I’ve provided background information on the protests and their repression, and on the protesters and their politics. Here, I begin to summarise the archaeological background of Gezi Park, which I continue through an examination of the destruction of Surp Hagop cemetery and a consideration of the challenges that confront those who wish to speak honestly.
Archive for June, 2013
Tags: Gezi Park, Occupy Gezi, revolution, Turkey
This is my second background piece on Occupy Gezi. In the first, I reviewed the protests and the repression; here, I explore the protesters and their politics; in the third, I summarise the archaeology of Gezi Park. In the “proper” posts that follow, I examine the economics and politics of archaeology in Turkey; I look at the roles of both archaeology and archaeologists in the Turkish revolution.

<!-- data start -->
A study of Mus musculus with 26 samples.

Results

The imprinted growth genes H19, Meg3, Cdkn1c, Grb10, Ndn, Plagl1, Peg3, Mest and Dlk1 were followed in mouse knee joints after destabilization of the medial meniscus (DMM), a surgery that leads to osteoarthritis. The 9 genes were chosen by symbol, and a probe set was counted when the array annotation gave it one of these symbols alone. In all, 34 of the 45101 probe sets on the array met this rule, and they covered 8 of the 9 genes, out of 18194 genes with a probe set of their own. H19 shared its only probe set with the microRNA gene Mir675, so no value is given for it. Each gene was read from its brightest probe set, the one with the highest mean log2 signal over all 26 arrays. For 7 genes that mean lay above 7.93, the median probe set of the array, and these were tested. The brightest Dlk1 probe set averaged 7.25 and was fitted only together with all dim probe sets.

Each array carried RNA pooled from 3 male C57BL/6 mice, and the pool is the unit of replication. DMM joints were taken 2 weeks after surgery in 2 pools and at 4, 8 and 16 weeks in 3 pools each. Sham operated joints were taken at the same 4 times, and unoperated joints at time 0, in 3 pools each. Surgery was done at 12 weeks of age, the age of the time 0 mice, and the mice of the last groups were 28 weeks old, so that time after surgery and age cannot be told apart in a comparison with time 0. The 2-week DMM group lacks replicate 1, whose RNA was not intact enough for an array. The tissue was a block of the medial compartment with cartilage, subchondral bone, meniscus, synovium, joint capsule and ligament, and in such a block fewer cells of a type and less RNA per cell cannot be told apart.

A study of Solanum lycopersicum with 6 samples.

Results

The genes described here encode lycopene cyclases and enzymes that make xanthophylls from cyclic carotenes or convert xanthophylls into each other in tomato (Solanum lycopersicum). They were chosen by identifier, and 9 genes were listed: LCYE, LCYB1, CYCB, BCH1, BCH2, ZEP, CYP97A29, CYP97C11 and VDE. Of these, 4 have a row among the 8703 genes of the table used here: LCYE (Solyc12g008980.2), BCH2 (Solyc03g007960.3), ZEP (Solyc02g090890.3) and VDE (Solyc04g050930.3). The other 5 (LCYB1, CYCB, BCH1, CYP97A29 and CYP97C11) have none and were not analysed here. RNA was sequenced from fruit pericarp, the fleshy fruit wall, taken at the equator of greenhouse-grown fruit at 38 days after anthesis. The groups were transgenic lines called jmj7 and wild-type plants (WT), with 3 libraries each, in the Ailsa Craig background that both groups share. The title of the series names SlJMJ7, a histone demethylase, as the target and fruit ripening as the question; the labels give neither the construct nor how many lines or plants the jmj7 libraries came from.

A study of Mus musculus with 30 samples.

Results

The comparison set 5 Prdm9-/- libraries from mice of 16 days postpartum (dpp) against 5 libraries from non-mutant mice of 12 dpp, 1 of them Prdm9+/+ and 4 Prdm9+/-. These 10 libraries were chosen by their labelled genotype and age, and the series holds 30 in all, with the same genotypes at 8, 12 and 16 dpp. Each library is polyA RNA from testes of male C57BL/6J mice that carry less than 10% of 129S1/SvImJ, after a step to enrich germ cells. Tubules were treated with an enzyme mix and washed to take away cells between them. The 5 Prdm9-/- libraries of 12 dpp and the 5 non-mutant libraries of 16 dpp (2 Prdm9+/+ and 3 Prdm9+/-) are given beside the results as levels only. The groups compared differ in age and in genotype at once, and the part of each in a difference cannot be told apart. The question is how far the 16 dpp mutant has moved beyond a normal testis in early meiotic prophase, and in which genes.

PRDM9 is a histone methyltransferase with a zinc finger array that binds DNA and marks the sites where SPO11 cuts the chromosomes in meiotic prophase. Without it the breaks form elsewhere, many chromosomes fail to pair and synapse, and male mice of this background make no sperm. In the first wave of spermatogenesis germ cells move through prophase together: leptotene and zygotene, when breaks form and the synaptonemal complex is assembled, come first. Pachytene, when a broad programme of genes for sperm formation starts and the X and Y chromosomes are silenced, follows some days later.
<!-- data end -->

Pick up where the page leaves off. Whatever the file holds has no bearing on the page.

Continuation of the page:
Tags: Environmental Impact Assessment, Gezi Park, Gola Çetu, hydroelectric dams, Occupy Gezi, Pembelik, Turkey
Occupy Gezi (and elsewhere) is a spontaneous local action, which is consciously and demonstrably part of an international movement; yet it’s also part of a national history of resistance to ‘urban renewal’ that dates back to 1912 and a national history of environmental activism that dates back to 1977.
Here, I try to trace that genealogy of resistance, using a case that has made common cause with Occupy Gezi: the hydroelectric dam projects in Dersim/Tünceli, which were made possible through archaeologists’ illegal unemployment (and a host of other such practices).